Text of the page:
ANNOUNCEMENT of the Mid-Term Fiscal Policy Review statement, scheduled for tomorrow, has been moved to Wednesday next week, an official has said.
Finance Minister Tendai Biti was expected to announce the much-anticipated statement tomorrow but the ministry was said to be finalising a "few issues".
"It has been postponed and the ministry and other stakeholders are finalising a few issues to the mid-term policy statement," said an official with the Finance Ministry yesterday. "It will be announced on July 18 2012," the official said.
In interviews on expectations of the Mid-Term Fiscal Policy Statement, economists said the economy may grow slower than expected, citing macro-economic risks that were more "pronounced".
In the 2012 Budget, Minister Biti projected the gross domestic product - the broadest measure of all the goods and services produced in an economy - would grow by 9,4 percent this year, driven by strong performances in mining and agriculture.
But a slowdown in the performance of some economic sectors, such as agriculture and mining, will force the minister to revise growth forecasts when he presents the Mid-Term Fiscal Policy statement.
Inflation would remain within target as prices have generally remained stable.
Economist Brains Muchemwa said the recent closure of a number banks and the associated systemic risks, would militate against strong growth in the economy.
Moreover, the elections, scheduled for this or next year, would cause an economic growth slowdown.
Mr Muchemwa said politicians generally tended to engage in non-progressive rhetoric in a bid to garner votes.
"The GDP growth forecasts are likely to be reviewed downwards to around 5,4 percent in 2012 and 3,1 percent in 2013 due to a number of wider macro-economic risks that are getting more pronounced in the economy," he said.
Moreover, the current slowdown in lending by financial institutions in the face of increasing credit risks had resulted in diminishing growth in credit creation.
This has affected the ability of the private sector to keep revenues growing at an increasing pace.
Zimbabwe National Chamber of Commerce economist Mr Kipson Gundani said the 9,4 percent growth forecast was based on the assumption that the economy would secure lines of credit to give impetus to industry as well as improved utility performances.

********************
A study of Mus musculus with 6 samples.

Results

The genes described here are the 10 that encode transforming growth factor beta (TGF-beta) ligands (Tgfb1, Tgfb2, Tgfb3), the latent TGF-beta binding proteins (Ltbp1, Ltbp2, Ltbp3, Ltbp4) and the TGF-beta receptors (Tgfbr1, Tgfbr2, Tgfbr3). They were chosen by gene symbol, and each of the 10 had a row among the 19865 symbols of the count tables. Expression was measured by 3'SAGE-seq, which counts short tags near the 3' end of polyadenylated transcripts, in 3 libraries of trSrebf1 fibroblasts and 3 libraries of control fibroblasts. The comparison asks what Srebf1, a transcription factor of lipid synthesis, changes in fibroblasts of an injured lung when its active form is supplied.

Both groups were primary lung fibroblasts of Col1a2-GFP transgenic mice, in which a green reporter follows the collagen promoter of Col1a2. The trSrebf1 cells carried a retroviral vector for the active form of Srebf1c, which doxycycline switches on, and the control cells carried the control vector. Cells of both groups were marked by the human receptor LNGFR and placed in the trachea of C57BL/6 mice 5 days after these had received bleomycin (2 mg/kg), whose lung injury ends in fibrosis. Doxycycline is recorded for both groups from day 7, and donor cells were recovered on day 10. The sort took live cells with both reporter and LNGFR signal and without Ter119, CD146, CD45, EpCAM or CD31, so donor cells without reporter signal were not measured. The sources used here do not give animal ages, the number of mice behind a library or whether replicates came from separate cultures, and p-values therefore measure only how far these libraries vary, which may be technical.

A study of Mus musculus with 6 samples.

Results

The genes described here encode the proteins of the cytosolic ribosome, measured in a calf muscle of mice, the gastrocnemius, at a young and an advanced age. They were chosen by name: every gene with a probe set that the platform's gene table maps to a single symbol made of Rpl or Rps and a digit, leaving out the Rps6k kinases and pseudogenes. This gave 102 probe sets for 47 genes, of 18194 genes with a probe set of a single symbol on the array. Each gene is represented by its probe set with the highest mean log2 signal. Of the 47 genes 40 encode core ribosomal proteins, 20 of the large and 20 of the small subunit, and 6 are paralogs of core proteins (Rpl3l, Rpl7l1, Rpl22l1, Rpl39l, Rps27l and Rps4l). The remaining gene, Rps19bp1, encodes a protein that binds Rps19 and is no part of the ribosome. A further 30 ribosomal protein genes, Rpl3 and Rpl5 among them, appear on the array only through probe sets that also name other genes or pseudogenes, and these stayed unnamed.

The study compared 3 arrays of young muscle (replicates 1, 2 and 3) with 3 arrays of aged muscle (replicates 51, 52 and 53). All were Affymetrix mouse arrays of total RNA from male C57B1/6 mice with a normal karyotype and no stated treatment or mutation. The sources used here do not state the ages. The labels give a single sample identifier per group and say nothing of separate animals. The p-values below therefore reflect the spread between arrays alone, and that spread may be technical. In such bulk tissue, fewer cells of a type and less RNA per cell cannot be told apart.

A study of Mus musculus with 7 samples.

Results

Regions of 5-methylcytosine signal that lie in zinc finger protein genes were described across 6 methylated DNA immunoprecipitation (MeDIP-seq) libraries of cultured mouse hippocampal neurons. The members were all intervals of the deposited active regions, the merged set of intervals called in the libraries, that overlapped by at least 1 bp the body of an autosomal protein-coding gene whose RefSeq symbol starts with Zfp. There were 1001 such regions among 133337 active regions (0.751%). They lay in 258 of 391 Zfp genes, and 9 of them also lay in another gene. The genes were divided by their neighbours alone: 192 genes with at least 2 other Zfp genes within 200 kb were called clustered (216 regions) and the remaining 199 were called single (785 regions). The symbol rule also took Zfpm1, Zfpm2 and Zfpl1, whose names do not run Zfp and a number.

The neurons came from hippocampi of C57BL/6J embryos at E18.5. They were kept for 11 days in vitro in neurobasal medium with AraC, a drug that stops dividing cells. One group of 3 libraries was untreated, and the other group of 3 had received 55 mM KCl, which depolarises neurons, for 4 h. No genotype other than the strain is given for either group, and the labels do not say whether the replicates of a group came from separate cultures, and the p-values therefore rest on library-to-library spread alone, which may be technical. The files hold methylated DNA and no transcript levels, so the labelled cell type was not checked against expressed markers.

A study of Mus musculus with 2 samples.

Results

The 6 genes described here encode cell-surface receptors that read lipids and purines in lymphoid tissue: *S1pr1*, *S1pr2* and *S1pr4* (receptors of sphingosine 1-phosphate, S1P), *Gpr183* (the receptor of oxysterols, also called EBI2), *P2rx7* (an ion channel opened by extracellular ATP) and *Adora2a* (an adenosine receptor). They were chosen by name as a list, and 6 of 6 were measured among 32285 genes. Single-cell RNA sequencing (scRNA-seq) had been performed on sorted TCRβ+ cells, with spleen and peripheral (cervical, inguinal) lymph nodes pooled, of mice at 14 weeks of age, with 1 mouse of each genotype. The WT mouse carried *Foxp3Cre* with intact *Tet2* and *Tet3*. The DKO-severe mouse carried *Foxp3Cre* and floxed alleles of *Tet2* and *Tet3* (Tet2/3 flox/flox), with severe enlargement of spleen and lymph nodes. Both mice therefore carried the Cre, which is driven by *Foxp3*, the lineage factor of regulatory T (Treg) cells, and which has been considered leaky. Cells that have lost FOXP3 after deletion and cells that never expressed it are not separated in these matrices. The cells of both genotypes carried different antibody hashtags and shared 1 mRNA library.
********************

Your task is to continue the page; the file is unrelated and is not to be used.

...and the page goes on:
"The 9,4 percent target can no longer be achieved," said Mr Gundani. "We still have challenges with utility service delivery and there is little fresh money coming in to recapitalise the industry. The minister may be forced to cut this year's growth targets to about 5,5 percent."
A recent report by Invictus Securities projected the gross domestic product growth rate at 4,5 percent, largely due to the poor agricultural season.
In March this year, Minister Biti said the first quarter of the year had been an "extremely" difficult period, warning that major projections would be revised downwards.
He said the Government had failed to meet revenue targets due to underperformance of diamond revenue.
Revenues in the first three months of this year were US$771 million, compared with a target of US$870 million.
The Government generated US$30,5 million from diamond sales from Marange in the first quarter of this year, far below the target of US$123 million.
Three weeks ago, Minister Biti warned of a revision of his US$4 billion 2012 Budget, saying the major reason was the underperformance of the revenue targets.
He said between January and May 2012, Government failed to meet the revenue target by US $194 million.
"The Government has since noted a disappointing contribution from the diamond sector," he said, "and little can be done to improve revenue collection, especially considering that the minister has already hiked mining sector royalties."
"There is therefore little to tweak on other revenue heads and the growth of such revenues is dependent on the wider economy and considering our Government expenditure that is heavily skewed towards recurrent expenditure, the minister has very few options to stimulate growth in the economy."
Mr Muchemwa said the inflation target was likely to be maintained around 5 percent since the multiple-currency environment continues to put a check on the major drivers of inflation, especially the cost-push drivers on the food basket that constitute the biggest portion of our inflation index.
Economic growth rates have averaged 8 percent since dollarisation.
It registered its first growth in 2009, following successive recession that saw the economy contracting by 40 percent between 2001 and 2008.